Homelessness can make you sick
Homelessness is enough to make you sick, with people who are sleeping rough or in insecure accommodation more likely to have health issues and experience accelerated ageing.
Finding successful ways to engage with clients is the key to successful outreach, Bolton Clarke Homeless Persons Program’s Mary-Anne Rushford told the Social Justice in Nursing and Healthcare Conference in Melbourne on 30 July.
Research shows effective approaches combine persistent engagement, practical assistance, self-determination and access to permanent housing.
Ms Rushford said more than 105,000 people were homeless in Australia, with one in 200 homeless on any given night.
Melbourne research conducted in 2013 showed 43 per cent of 124 rough sleepers had attended accident and emergency three times or more in the previous year with more than 70 per cent affected by a serious medical condition.
“Homelessness results in significant social and economic costs not just to individuals and families, but also to communities and the nation as a whole,” she said.
“On an individual level it makes it difficult to maintain school or further study and leaves people vulnerable to long-term unemployment and ill-health.”
Barriers to accessing health services include stigmatisation and exclusion, inability to navigate the service system, the lack of flexibility in traditional medical appointments and limited drop-in services, a lack of outreach services and a poor understanding of the social determinants of health.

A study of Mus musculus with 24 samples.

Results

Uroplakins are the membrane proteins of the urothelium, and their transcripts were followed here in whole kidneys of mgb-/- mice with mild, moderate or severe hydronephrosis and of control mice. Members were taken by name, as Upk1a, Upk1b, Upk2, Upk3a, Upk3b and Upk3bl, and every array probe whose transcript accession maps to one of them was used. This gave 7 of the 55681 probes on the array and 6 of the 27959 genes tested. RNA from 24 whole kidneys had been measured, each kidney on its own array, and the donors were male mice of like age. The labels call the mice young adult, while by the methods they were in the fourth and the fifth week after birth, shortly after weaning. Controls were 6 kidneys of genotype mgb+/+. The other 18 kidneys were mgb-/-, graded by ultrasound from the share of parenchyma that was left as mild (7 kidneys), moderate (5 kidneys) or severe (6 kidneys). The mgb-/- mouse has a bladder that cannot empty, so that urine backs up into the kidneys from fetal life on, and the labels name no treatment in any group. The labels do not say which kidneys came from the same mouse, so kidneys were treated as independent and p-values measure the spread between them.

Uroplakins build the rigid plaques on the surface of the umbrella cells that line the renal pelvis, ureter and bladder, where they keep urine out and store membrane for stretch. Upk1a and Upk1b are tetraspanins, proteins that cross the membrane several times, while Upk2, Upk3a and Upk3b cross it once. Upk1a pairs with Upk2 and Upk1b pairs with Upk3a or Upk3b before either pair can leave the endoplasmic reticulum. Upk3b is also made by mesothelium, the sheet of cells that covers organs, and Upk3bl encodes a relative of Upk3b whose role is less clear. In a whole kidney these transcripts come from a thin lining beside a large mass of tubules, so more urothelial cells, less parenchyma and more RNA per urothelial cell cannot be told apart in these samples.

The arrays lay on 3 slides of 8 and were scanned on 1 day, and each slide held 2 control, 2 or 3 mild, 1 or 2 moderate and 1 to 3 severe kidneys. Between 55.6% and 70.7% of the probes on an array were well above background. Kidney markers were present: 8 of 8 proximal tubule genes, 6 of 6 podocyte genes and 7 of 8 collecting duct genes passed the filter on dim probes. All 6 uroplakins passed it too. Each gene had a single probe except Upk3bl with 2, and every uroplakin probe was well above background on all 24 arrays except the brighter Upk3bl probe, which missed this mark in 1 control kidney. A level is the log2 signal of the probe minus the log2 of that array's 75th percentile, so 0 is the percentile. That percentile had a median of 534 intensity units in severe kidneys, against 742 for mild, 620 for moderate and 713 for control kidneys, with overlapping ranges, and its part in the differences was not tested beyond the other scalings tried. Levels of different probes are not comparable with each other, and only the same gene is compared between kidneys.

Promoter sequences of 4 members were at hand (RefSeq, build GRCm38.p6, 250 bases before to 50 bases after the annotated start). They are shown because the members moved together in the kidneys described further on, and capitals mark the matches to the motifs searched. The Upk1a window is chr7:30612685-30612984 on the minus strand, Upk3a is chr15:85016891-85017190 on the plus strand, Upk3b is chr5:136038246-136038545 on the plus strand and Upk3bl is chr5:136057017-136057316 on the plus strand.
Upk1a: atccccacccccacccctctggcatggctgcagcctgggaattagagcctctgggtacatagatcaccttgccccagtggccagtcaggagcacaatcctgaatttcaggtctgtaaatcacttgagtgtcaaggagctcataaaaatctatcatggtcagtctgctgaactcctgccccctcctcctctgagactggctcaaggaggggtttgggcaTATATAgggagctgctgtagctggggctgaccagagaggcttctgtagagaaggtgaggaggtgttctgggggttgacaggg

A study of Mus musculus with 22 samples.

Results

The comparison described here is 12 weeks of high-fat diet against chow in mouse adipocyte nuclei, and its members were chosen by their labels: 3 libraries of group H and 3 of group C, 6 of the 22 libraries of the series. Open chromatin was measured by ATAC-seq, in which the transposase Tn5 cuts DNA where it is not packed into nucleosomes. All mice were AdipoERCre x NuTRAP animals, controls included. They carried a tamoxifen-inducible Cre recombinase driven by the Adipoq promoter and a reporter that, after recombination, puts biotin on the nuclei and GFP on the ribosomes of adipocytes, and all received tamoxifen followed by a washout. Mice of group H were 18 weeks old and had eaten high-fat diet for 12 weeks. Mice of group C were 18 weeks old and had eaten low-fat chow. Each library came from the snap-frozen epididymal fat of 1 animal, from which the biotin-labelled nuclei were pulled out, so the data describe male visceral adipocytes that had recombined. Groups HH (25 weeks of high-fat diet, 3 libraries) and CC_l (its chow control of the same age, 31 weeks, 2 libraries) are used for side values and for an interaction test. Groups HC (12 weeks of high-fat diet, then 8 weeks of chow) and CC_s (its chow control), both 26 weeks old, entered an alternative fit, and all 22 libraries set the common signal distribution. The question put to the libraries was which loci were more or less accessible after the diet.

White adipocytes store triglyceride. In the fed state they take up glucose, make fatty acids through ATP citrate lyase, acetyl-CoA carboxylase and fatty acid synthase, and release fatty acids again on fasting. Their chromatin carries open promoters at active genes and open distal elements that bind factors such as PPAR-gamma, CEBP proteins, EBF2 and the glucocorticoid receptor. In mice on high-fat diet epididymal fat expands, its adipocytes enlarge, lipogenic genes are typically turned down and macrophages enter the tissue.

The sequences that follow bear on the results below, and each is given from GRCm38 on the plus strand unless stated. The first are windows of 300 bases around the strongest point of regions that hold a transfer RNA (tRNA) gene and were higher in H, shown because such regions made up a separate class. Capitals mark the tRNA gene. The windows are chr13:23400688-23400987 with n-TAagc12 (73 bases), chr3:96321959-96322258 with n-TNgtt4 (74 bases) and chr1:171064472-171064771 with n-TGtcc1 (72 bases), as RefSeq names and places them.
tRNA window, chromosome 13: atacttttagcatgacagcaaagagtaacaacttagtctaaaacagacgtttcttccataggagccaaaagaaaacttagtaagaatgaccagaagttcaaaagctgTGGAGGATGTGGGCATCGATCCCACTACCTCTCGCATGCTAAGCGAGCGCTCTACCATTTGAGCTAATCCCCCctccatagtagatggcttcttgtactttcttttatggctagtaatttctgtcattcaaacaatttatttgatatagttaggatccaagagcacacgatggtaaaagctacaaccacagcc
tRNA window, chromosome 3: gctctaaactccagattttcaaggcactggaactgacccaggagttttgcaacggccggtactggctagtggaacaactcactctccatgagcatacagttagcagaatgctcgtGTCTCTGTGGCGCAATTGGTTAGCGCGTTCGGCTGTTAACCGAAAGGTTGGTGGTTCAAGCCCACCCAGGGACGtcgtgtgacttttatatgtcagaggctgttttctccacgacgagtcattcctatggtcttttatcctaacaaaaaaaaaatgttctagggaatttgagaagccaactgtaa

“Homeless people are often affected by chronic disease, poor dental health and nutritional status, vision impairment and infestation disorders.
“They are more likely to suffer injuries, wounds, assaults and fractures, leg ulcers, skin infections, foot problems, diabetes, epilepsy and respiratory illness, liver disease and mental illness, drug and alcohol issues and cognitive impairment.
“We also know they are less likely to use medication as prescribed or to participate population screening programs.”
She said an assertive outreach approach working closely with local providers from co-located sites had helped the HPP achieve positive outcomes for clients.
“Assertive outreach entails actively seeking out and engaging with clients in their own environment rather than waiting for a person to request a service or an organisation to make a referral.
“Our outreach depends on hosting clinics at venues where clients feel comfortable, responding to the client’s primary needs, being visible in areas and drop-in centres visited by homeless people and being available, patient and non-judgmental.”
Bolton Clarke’s HPP has 45 community health nurses and 5 HIV nurses who support around 1000 clients and delivered more than 9,300 visits in the past year.
Homelessness Week will run from August 4-10.